In our quest to get Iris the help she needs, Matt and I recently took Iris to visit a psychiatrist. At the end of the appointment, based on everything we talked about and our history with Iris, he recommended that we put her on anti-anxiety medication. In fact, that was pretty much his only recommendation. I am not sure why I expected anything else, he was a doctor after all. I half hoped he would have a diagnosis for Iris that we had never considered and would usher us towards the perfect treatment that we had never considered.
As you can probably imagine, it was extremely frustrating, to be sitting in the office being told that our seven year old needed medication. I took a few days to think about it and I did a little research and talked to people I know who had experience with the issues we were facing. Fortunately (or unfortunately?) I actually got some pretty positive feedback about children who were put on these meds. All of them had good results. Some saw some pretty extreme changes for the better, even.
Yesterday I met with Iris's therapist and faced more frustration: we mutually decided to discontinue therapy because, well, it really isn't working. I had honestly hoped the therapist would have many more tricks up her sleeves. She didn't. Or maybe she could have pointed us in the direction of another kind of therapy. She had one suggestion, but it didn't feel right to me based on Iris's issues.
While I want a fix for Iris, and a "quick fix" would be fantastic!, I just can't find it in me to agree (at least at this time) that medication is the right answer for her. Luckily Matt is on the same page as I am, though I think we both feel that if the other felt strongly in persuing medications, we would probably try it. But neither of us do.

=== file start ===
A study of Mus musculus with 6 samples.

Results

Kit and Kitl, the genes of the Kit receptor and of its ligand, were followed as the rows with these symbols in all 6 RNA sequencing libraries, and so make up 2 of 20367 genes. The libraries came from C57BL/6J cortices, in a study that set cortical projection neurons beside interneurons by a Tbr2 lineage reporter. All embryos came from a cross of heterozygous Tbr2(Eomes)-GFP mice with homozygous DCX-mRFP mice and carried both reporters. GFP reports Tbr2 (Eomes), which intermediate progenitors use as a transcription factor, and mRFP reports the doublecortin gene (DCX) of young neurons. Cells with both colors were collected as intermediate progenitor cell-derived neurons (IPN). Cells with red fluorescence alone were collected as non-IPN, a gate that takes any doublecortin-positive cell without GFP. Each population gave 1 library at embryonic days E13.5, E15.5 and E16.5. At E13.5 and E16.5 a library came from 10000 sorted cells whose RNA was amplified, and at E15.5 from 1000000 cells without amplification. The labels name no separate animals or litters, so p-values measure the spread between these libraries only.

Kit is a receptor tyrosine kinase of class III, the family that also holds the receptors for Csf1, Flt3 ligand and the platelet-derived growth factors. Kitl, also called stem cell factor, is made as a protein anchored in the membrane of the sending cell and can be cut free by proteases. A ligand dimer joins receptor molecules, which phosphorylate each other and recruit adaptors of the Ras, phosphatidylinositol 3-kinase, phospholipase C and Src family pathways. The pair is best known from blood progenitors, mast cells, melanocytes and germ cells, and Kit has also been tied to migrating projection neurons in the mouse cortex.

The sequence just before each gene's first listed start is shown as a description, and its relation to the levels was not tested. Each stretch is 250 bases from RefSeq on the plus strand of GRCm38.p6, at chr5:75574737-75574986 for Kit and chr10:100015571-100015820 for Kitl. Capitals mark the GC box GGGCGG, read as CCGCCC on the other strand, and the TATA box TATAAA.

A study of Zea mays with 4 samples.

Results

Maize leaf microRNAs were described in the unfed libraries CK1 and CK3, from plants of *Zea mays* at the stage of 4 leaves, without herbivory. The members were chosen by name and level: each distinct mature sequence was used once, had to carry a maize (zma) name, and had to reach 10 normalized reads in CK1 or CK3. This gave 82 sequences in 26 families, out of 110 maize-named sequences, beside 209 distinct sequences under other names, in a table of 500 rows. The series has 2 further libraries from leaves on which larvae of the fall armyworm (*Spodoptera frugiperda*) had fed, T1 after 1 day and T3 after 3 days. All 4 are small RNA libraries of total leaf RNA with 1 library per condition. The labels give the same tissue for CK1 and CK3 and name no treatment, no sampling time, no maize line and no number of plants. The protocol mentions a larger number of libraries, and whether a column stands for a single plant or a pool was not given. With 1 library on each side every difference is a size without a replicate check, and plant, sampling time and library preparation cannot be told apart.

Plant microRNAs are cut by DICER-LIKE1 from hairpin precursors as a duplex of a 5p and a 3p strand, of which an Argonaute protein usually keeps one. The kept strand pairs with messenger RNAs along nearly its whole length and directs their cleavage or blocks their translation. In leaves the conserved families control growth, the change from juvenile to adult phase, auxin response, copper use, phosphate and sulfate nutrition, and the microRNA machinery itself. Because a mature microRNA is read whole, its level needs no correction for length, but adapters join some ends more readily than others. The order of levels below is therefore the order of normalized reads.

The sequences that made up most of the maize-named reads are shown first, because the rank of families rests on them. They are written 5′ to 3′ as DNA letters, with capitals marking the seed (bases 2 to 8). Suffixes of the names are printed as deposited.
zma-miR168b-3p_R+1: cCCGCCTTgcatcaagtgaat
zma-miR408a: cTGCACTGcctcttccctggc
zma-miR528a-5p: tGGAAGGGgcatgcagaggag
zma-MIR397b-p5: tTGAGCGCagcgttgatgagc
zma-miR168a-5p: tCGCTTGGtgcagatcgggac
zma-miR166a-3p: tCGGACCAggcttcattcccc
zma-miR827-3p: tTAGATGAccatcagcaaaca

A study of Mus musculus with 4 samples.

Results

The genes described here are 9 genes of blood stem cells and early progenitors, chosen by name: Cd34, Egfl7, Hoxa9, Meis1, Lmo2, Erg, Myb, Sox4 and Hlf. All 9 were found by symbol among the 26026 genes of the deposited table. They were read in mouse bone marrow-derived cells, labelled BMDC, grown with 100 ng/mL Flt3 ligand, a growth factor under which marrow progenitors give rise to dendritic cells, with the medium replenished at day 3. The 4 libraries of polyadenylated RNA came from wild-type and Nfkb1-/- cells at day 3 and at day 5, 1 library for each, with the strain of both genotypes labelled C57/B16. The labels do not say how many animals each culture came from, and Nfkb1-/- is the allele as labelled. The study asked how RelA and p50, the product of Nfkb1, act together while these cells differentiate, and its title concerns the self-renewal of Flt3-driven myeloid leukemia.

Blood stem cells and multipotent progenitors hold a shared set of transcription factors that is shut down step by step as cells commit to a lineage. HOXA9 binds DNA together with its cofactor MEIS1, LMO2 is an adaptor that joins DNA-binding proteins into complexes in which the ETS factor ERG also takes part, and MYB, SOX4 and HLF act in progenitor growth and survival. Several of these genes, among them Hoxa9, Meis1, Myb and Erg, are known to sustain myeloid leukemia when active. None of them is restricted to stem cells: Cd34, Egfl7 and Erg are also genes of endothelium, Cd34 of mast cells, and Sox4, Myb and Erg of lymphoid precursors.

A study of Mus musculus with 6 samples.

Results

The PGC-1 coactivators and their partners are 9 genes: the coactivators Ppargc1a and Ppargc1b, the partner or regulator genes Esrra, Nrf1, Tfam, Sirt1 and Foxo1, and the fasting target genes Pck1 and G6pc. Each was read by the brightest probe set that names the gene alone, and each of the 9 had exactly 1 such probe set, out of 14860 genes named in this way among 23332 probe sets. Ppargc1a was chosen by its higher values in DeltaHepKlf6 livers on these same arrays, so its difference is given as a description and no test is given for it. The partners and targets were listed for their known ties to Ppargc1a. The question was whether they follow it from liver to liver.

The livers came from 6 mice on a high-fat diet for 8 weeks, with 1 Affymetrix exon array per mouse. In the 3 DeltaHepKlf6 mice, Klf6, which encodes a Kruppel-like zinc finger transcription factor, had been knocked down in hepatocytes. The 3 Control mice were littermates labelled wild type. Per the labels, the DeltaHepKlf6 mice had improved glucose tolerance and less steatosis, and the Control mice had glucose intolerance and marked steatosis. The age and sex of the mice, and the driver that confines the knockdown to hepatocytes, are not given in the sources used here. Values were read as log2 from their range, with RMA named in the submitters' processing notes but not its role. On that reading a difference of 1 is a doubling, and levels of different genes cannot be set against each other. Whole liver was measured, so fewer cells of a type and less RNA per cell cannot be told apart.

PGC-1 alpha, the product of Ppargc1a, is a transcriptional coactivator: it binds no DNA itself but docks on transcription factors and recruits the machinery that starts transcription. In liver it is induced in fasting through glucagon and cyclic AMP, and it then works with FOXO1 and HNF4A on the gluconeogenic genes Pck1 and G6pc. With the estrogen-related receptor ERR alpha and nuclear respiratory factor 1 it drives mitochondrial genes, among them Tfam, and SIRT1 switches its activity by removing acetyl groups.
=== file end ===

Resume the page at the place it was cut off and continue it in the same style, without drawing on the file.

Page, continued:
It feels like there have to be so many things that we have yet to explore. Since I don't have any great professional guidance, it falls in my lap to look for the help Iris needs.
Today as I started my research on treating anxiety I kept coming back to dietary changes. A diet free of processed foods, food coloring, artificial flavors, caffeine, sugar, etc etc is the very best thing for promoting a healthy body and mind in any child, but especially one who is struggling with disorders such as anxiety. I also came across information on Omega 3 fatty acids, which has been shown to be effective in helping to treat anxiety. Omega 3's are essential to brain development and Dr. Sears has written an easy-to-understand article about it that you can read HERE.
Seeing as how I have a degree in nutrition this should be easy peasy to implement some changes in Iris's diet in order to see how it affects her anxiety and behavior, right? Unfortunately Iris's eating is yet another source of contention in our house. I wouldn't say her diet is awful, but it isn't great. It isn't what I know is right for her. I want to do better, but it turns out my degree means diddly squat to my daughter. If I put food on her plate she doesn't want to eat, she won't. It's that easy. Any kind of struggle over food issues raises her anxiety, so I want as much as possible to avoid it. I take responsibility for letting crappy foods slip in her to diet, it was so easy to not take a firm stand in allowing her to eat junk. And little by little she has decided that she no longer likes pretty much any of the fruits and vegetables I serve her, including things she may have liked just last week.
So where I am going with this is, I want to change her diet and I want to add in some supplements, but I don't have a clue how to do it or where to start. Seems like it's time to start a whole knew line of research!